Review by Sean Boelman
A spin-off of his 2014 film Horse Money, Portugese filmmaker Pedro Costa’s newest movie Vitalina Varela is a meandering and thinly-plotted character study. Yet despite some interesting ideas and an abundance of beautiful imagery, Costa’s film is disappointingly incohesive due to its lack of narrative momentum.
The movie tells the story of a Cape Verdean woman in Lisbon as she copes with the loss of her husband. The thing about this film that is likely to challenge viewers the most is that it has very little dialogue. A majority of the movie is delivered visually, and even when there are lines spoken, those lines don’t have a whole lot of meaning to them.
As expected, Costa seems to be using this film to be making a statement about grief and closure, and while he thankfully never directly states it, the message he has to convey to the audience is made abundantly clear. As a result, the two hours of slow and contemplative visual poetry to which the audience is subjected by Costa becomes relatively excessive.
There are some very powerful moments sprinkled throughout the movie, but there is also a lot of mundanity that fills the space between these scenes. The foundations are in place for the film to have been a compelling character study had there been a greater sense of purpose and drive, but Costa gets too caught up in creating faux naturalism that he misses his opportunity.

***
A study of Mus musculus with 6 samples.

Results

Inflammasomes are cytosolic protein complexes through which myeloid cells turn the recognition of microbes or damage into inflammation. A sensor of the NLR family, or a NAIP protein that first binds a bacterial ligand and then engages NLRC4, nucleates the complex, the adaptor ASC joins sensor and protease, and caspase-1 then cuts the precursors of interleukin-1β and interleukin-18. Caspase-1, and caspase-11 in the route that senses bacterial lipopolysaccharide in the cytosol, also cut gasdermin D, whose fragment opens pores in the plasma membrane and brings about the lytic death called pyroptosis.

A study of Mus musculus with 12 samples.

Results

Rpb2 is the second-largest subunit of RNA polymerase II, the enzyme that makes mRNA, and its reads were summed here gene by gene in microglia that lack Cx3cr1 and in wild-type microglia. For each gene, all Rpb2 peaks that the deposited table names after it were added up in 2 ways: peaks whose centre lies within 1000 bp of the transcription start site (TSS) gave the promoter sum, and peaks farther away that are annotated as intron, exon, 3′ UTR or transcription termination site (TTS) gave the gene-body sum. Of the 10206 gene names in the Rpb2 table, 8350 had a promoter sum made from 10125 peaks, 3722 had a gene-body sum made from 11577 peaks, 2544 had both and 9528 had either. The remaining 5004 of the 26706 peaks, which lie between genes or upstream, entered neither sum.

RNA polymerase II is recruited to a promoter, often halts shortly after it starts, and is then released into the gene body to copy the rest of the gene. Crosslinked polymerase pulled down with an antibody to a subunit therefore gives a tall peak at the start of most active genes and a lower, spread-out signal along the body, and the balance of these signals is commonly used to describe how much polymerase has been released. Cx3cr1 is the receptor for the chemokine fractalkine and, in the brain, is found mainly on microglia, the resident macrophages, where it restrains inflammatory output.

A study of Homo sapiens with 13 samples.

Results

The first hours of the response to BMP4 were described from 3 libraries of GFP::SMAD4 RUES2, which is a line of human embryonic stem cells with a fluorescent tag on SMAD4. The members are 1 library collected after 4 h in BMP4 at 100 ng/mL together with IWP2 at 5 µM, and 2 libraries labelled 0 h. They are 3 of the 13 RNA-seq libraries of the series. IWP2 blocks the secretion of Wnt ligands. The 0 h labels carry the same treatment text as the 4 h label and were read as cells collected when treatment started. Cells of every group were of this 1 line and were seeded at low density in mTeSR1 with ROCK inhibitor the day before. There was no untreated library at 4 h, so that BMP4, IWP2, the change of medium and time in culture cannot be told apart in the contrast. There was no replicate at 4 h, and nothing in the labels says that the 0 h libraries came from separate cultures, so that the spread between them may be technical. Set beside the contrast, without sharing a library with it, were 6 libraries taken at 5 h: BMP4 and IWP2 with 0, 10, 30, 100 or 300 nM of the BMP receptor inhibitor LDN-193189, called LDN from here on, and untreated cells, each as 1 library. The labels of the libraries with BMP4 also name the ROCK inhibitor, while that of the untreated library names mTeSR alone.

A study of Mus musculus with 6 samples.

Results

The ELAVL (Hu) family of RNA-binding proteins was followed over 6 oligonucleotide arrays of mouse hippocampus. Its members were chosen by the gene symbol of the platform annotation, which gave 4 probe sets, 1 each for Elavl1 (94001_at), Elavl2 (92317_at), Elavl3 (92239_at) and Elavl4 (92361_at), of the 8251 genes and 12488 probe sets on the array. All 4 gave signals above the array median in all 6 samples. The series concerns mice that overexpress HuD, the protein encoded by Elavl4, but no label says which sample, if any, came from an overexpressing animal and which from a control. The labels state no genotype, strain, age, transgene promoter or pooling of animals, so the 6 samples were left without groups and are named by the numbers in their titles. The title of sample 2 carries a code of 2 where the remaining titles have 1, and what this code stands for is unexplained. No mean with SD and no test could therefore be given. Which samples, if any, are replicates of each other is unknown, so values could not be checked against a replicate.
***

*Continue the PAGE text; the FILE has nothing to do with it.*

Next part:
Inspired by the real life of the film’s lead actress, the eponymous protagonist is certainly very intriguing. For someone who hasn’t seen this movie’s loose predecessor, sufficient context is given as to her background in one of the film’s rare bits of expositional dialogue. Still, with that being some of the only information given to the blind viewer, something else is required to create the necessary connection.
That something else is Varela’s unflinchingly naturalistic performance. Costa has become known for using non-actors in his movies, and that is still the case with Varela. Perhaps due to the immense connection she has with the character, she infuses the role with a mountain of emotion. Her believability as the character is the main thing that propels the film forward at all.
The cinematography of the movie is also frequently gorgeous. Shot in the 4:3 aspect ratio, the film has a very unique visual style defined largely by darkness. Playing into the movie’s themes of death and grief, many shots of the film are obscured by shadows. At times, this does result in the movie becoming a bit hard to see, but it is still aesthetically-appealing nevertheless.
Director Pedro Costa has made an unusual film in Vitalina Varela and one that certainly will not appeal to everyone. Containing some interesting themes and an even more interesting visual style, the movie has a lot of merit but doesn’t quite work.
Vitalina Varela is now playing in theaters.